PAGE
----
The Table

19 Oct 2013

Nobody else sees the funny side.

At the front of the lecture theatre, the slim woman giving the briefing has just answered my question with "You will have.. two and a half minutes". She's slightly confused at my incredulous look, intended to convey something between "rock and roll!" and "jesus, what?"

Her colleague, the spitting image of Jean-Luc Picard, doesn't react either. Both test administrators are clearly very bright but are spookily calm, methodical, and neutral. The Mensa exam is serious business, apparently.

(I worry that I've found another group of people who I like very much but who absolutely do not share my sense of humour).

I'm not here for any good reason. Even if successful, I may not join. Really, I'm in it for the ego points - I'm almost certain that I can do this and, right now, I'd rather like the gold star. Of course, that attitude makes this a high-stakes game.

There's a chorus of stopwatch beeps as she says "... now". My heart is thumping as I hit the second or third question and lose momentum, the answer not obvious to me. I was expecting this to be difficult, but not like this: it's happening too fast. Exams for me mean three-hour marathons of careful thinking, not interval sprints with seconds per question. My techniques and my training don't work here.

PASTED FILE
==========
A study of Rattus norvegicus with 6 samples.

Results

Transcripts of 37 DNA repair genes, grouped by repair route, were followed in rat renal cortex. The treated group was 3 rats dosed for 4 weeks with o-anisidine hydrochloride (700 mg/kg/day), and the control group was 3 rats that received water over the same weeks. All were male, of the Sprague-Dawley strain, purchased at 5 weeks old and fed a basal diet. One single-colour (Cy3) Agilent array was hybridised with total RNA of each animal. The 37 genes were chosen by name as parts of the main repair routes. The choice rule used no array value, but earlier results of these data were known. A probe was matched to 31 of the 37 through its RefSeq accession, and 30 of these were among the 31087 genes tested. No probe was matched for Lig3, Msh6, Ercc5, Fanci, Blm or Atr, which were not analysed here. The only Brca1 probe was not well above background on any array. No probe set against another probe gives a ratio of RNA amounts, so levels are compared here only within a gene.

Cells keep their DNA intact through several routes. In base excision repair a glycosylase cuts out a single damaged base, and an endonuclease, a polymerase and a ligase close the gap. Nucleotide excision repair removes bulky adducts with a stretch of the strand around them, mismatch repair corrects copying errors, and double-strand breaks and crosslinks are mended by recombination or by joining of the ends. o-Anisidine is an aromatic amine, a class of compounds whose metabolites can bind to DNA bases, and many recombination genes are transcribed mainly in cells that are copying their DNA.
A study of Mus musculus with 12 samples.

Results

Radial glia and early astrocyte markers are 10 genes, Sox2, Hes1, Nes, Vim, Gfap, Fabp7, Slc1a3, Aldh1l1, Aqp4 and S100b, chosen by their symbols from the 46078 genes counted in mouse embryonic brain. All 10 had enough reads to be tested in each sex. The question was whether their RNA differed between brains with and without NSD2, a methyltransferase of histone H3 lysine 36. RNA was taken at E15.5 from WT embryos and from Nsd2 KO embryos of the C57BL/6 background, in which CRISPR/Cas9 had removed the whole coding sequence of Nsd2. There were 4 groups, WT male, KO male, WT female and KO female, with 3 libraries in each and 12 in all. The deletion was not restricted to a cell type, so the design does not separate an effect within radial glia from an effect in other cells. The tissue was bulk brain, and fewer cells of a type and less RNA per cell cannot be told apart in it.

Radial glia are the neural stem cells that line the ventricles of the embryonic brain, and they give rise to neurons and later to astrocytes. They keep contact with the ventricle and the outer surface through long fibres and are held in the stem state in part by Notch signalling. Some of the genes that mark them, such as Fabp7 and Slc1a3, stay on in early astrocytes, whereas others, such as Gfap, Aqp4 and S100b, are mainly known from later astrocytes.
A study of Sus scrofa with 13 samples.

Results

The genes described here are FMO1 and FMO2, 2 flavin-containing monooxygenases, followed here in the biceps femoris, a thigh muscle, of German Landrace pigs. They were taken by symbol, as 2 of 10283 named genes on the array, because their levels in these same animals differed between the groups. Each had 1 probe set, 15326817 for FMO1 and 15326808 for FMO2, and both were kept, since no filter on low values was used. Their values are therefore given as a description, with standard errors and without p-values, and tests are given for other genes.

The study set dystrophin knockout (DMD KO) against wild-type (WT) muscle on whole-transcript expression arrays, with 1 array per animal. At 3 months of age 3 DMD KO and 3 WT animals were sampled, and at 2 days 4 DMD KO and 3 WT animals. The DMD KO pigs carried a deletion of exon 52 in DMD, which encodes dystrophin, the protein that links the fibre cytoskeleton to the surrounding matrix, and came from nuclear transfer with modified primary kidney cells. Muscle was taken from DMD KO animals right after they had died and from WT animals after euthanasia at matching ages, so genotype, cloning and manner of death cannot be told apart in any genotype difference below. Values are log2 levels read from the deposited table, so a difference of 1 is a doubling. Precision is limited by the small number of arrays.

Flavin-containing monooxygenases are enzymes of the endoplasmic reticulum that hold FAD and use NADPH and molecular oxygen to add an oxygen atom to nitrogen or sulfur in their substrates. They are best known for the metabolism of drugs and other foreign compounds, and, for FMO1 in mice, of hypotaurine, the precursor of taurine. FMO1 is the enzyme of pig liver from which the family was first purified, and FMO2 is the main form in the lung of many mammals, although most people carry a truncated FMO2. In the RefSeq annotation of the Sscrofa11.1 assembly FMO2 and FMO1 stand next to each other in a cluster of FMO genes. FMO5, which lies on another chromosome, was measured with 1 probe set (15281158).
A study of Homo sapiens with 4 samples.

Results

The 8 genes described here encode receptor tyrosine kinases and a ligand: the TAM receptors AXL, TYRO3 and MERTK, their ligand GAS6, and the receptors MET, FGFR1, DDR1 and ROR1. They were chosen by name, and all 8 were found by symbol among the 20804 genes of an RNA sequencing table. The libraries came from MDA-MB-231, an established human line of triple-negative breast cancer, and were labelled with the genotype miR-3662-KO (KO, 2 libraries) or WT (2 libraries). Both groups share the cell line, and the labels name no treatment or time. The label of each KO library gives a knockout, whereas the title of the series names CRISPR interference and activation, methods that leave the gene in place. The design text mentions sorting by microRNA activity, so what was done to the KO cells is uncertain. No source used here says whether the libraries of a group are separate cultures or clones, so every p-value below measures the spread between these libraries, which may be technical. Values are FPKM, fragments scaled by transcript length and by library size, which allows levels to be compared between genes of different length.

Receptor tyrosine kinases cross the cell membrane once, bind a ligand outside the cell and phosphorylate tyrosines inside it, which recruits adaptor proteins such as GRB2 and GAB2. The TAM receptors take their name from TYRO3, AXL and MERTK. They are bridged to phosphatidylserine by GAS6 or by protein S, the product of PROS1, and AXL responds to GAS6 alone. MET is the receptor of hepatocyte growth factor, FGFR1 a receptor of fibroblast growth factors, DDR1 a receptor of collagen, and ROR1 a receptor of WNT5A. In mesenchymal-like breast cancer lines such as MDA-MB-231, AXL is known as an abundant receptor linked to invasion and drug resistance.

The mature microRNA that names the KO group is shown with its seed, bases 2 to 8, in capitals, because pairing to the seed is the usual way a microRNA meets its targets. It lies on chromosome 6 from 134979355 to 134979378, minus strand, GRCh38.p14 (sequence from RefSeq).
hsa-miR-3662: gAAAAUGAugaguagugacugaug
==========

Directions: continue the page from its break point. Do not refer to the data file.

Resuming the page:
Taken by surprise, on the first round, I hadn't answered the last three questions at all. That's pure amateur hour. Just putting down 'A' for all three questions would've taken only a second and, statistically, gained me three quarters of a point.

We hit the last of six rounds, eighteen minutes for fifteen questions. One of them I recognise instantly; it's a substitution cipher and I'm expected to crack it, then decipher a second message. Instantly I know two things: 1) I can do this, and 2) it's going to take some time. After a few seconds I switch approach to do it half-assed; instead of cracking the whole cipher, I'll test each multiple-choice answer against one or two letters, invalidate them quickly, and go with what's left.

It works. By now it's dawning on me what this test is really looking for. I'm not expected to work things out. I'm expected to look at them and know. But I don't. The way I've always solved hard problems is by careful planning, followed by repeated and determined application of brute force of reason.

Formal results won't be available for a couple of weeks, but already, I'm not sure that this is the right place for me.